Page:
Current Australian abortion laws continue to disadvantage many women
It is almost 7 years since abortion was decriminalised in Victoria, where a doctor can now terminate a pregnancy at up to 24 weeks with the woman’s consent, and after 24 weeks with the agreement of a second doctor. This change has not resulted in increased numbers of abortions, which have remained stable over many years.1 Earlier, in 2002, the Australian Capital Territory had removed all criminal sanctions for abortion. Abortion was decriminalised in Tasmania in 2013; here a doctor may perform an abortion at up to 16 weeks with the woman’s consent, and after 16 weeks with the additional agreement of a second doctor. In all remaining Australian jurisdictions, a patchwork of differing abortion laws operate. Only in the ACT has regulation of abortion been removed completely from criminal law.2 These legal inconsistencies have significant ramifications for the access of Australian women to abortion.
Meanwhile, developments move apace in our understanding of fetal health, and in the diagnosis of fetal abnormality. Medicare-funded diagnosis of fetal abnormality is now routinely offered to all pregnant Australian women — with the implication that a woman may choose to terminate the pregnancy if a serious abnormality is detected. The rapid development of non-invasive prenatal testing (NIPT) — a high-level screening approach that analyses cell-free fetal DNA in the maternal bloodstream — will lead to increasing information about the health of the fetus becoming available to women and their partners very early in pregnancy, allowing earlier and safer termination of the pregnancy, should this be their choice.3 Greater awareness of the risks and social costs associated with multiple pregnancies has led to the selective reduction in the number of fetuses carried to term in such pregnancies, in order to maximise the prospects for a healthy birth.4
Abortion laws, however, have not kept pace with these developments.2 Fetal abnormality is specifically discussed in the legislation in Western Australia, South Australia, Tasmania and the Northern Territory, and covered by the decriminalisation of abortion in Victoria and the ACT; in practice, however, late abortion is restricted by health regulations in WA, SA and the NT. In Queensland and New South Wales, the law does not refer to fetal abnormality at all. The result of these differences is continuing and extensive abortion “tourism” from all Australian states to Victoria, and overseas, in the face of barriers to access to abortion.2
Barriers to access
Although mifepristone is being used in accredited hospitals throughout Australia for second trimester abortions on the grounds of fetal abnormality (and many private practitioners and clinics also use it for early medical abortion), access to the drug is very difficult for rural women, especially in SA and the NT, where, by law, abortion can only be performed in designated hospitals.2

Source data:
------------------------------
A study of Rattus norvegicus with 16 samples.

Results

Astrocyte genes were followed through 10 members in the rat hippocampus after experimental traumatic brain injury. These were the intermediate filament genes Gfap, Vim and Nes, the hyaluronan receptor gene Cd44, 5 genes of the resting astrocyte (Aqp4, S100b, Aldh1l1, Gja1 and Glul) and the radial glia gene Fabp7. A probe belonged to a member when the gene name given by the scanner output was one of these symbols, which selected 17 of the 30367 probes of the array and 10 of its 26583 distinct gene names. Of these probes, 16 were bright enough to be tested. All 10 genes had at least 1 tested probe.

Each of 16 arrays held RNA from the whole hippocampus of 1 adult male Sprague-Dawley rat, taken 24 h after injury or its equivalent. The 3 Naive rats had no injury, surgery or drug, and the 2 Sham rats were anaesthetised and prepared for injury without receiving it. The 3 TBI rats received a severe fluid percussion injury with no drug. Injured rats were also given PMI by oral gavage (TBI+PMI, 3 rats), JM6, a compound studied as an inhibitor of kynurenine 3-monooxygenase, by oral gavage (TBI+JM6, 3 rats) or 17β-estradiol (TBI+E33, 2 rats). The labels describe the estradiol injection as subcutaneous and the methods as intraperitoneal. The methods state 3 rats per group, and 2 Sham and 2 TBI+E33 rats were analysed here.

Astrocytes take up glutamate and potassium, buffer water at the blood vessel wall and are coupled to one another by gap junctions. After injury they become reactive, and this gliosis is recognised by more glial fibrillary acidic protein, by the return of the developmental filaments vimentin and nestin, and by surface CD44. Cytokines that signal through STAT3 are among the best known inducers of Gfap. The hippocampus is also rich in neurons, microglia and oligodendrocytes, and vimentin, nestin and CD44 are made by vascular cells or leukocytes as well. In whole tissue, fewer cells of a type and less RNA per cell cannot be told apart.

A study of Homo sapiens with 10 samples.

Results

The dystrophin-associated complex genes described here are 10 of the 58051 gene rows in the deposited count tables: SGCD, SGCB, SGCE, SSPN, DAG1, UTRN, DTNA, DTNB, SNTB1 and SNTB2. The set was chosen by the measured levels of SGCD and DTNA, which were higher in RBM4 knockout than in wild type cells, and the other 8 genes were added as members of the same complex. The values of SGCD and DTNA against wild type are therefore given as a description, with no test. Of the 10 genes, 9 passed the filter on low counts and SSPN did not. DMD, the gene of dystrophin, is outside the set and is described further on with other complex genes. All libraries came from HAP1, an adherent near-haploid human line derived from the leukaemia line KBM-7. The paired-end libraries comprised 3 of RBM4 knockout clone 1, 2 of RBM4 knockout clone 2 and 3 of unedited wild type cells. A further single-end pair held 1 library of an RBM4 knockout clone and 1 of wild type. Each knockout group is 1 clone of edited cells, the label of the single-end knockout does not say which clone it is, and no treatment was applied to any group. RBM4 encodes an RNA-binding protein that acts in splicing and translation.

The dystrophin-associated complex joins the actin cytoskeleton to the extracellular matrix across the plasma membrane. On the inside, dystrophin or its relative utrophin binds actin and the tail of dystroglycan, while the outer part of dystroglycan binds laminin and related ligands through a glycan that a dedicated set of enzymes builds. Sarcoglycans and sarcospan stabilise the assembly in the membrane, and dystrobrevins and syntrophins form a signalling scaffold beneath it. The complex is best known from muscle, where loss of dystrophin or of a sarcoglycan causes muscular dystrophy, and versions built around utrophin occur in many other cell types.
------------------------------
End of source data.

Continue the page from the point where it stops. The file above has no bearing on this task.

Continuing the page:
Where services are provided, the access of women to these services is often hindered by verbal and sometimes physical harassment outside clinics. Attempts to curtail protesters’ activities have, to date, been unsuccessful, generally because of the protesters’ implied rights to freedom of political communication. To address this problem, Tasmania introduced mandated exclusion zones around clinics in 2013, prohibiting a range of behaviours “in relation to terminations” within 150 metres of an abortion clinic.
The High Court of Australia has provided a two-step test to determine whether the implied right to freedom of political communication has been invalidly curtailed by a particular law. Step one assesses whether the law effectively burdens communication about the federal government or political matters. In those cases where it does, step two requires a determination on whether the law remains valid because it is reasonably appropriate and adapted to serve a legitimate end. Constitutional law scholars generally agree that the Tasmanian provision can withstand any High Court challenge.5
While doctors have the right to conscientious objection to performing an abortion, this objection should not restrict the access of women who consult them to procedures they need. Victorian abortion law reflects this balance, requiring the objecting doctor to refer the woman to a health practitioner who is known to have no conscientious objections to abortion.
Another challenge is the lack of a national data collection of abortion statistics that would assist in ensuring the delivery of appropriate abortion and family planning services, and enable policy makers and law reform agencies to track the effects of changes in law and policy on abortion practice. While statistics are collected in SA, WA and the NT, only the figures for SA are publicly available. This lack of statistics also means that figures for interstate abortion “tourism” are imprecise.
The Victorian review of abortion regulation
The most comprehensive review of abortion regulation was undertaken by the Victorian Law Reform Commission (VLRC) in 2007–2008. The Victorian parliament responded to the VLRC report by not only decriminalising abortion but also by introducing reforms that place the responsibility for decision making with the woman, or the woman and her doctor, and that for service availability with the medical profession; that is, by regulating abortion in the same way as other medical procedures. Together with the inclusion of the Tasmanian anti-harassment provision, the Victorian legislation might be seen as providing a viable model for the rest of Australia.
In 2015, there is an urgent need for legislative uniformity across Australia so that the law is in step with modern medical practice, and so that women, regardless of where they live, have equal access to abortion services.